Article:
The Domestic Violence Center of the Santa Clarita Valley, which provided service to more than 1,000 victims in 2008, has had its budget cut by nearly half due to California’s budget crisis.
With the elimination of the $20.4 million budget for state-funded domestic violence programs on Tuesday, the Center took a $207,222 immediate hit, resulting in staff reductions and limited services.
Board members are discussing various ways to make up the shortfall, but as one member put it “in this economy, we just can’t fundraise like we used to.”
The most drastic possibility would be the closure of the shelter and service center, leaving a community of more than 250,000 with no domestic violence resources.
“As the Center’s Executive Director, I think about every client who has come through our doors and their horrific stories of abuse – I cannot help but cry when I think about what the loss of our services will mean to victims,” Nicole Shellcroft wrote in a press release. “The impact of our Center shutting down would be devastating. For many of us, our home is a place of refuge from the world, from work, from stress – it’s a place that brings comfort, and safety. Families suffering at the hands of a violent perpetrator do not have this experience of home. For many victims and their children, the home is a terrifying place.
“Those who walk through our doors have suffered through broken bones, beatings, strangulation, food deprivation, arson, torture, genital mutilation and unspeakable sexual violence. They have been thrown down flights of stairs, have been victim to violent physical attacks during pregnancy and have even faced the prospect of murder.”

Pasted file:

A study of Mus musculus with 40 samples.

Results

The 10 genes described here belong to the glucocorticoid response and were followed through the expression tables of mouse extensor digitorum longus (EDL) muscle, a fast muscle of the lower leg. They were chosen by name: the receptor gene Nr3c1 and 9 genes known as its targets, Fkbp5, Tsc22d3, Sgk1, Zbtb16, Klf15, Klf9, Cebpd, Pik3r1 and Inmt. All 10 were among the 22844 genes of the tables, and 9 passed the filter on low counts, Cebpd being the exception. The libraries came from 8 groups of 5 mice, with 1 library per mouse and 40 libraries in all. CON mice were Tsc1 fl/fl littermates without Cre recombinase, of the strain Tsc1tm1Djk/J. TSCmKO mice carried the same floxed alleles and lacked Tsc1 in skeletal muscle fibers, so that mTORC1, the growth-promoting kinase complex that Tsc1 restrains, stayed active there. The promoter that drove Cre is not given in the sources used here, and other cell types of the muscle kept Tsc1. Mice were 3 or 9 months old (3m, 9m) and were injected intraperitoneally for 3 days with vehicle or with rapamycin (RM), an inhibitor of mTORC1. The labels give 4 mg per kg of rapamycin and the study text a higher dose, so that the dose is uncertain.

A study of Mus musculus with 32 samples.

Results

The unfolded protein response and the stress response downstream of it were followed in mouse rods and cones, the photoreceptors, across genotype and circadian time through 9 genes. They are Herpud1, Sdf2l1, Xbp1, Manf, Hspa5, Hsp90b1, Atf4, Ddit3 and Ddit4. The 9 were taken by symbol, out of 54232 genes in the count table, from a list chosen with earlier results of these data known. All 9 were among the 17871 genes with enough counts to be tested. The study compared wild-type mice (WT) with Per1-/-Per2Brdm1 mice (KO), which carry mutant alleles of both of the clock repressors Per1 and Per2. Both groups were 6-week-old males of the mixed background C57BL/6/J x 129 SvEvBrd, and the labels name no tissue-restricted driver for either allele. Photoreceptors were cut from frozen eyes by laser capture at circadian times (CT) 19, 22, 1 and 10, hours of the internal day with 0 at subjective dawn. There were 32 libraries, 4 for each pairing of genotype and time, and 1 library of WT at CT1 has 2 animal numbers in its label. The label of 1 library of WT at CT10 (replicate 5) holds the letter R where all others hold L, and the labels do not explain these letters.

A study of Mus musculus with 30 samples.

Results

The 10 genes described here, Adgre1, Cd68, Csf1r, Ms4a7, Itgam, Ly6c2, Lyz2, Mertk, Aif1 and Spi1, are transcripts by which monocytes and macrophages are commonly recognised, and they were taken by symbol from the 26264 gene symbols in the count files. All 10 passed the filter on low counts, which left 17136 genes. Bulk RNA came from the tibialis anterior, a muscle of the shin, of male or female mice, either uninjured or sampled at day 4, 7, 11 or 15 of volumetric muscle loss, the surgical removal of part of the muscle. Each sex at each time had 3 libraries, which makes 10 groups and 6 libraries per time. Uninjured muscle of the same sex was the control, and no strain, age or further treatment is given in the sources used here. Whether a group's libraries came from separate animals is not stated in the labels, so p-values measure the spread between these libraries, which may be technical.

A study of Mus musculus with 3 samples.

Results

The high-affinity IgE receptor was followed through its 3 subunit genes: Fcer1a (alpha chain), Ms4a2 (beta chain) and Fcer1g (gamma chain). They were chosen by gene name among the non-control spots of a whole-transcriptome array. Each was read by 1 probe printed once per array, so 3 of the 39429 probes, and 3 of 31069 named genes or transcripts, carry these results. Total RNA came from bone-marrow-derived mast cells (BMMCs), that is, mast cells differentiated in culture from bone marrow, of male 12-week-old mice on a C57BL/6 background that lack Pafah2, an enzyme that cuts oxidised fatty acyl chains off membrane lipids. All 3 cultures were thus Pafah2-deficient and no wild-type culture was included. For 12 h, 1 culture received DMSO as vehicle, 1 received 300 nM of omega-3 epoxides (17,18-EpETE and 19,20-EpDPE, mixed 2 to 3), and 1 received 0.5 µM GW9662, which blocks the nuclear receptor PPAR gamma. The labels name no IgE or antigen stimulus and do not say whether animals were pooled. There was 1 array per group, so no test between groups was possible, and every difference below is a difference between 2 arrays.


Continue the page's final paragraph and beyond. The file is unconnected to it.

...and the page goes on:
As recently as July 12, domestic violence has been in local headlines when Giuliana Perrotta was beaten to death, allegedly by her husband, who later hanged himself in the backyard of the couple’s Canyon Country home, bolstering the organization’s importance in the community.
“Victims seek our services to escape incredible violence aimed at them and their children. Domestic violence crosses all ethnic, religious, economic, and social boundaries, and is generational: children who are abused or who witnessed abuse in the home are more likely to either be abused or to abuse their partners as adults. Domestic violence is possibly the most pernicious and widespread social ill affecting not only physical health but also mental and emotional health of individuals throughout the entire community. Domestic violence happens in our community and these services are desperately needed,” Shellcroft said.
Donations are being sought from the community to try and keep the center going. For more information, go to www.dvcsantaclarita.com or call the outreach center (661) 259-8175.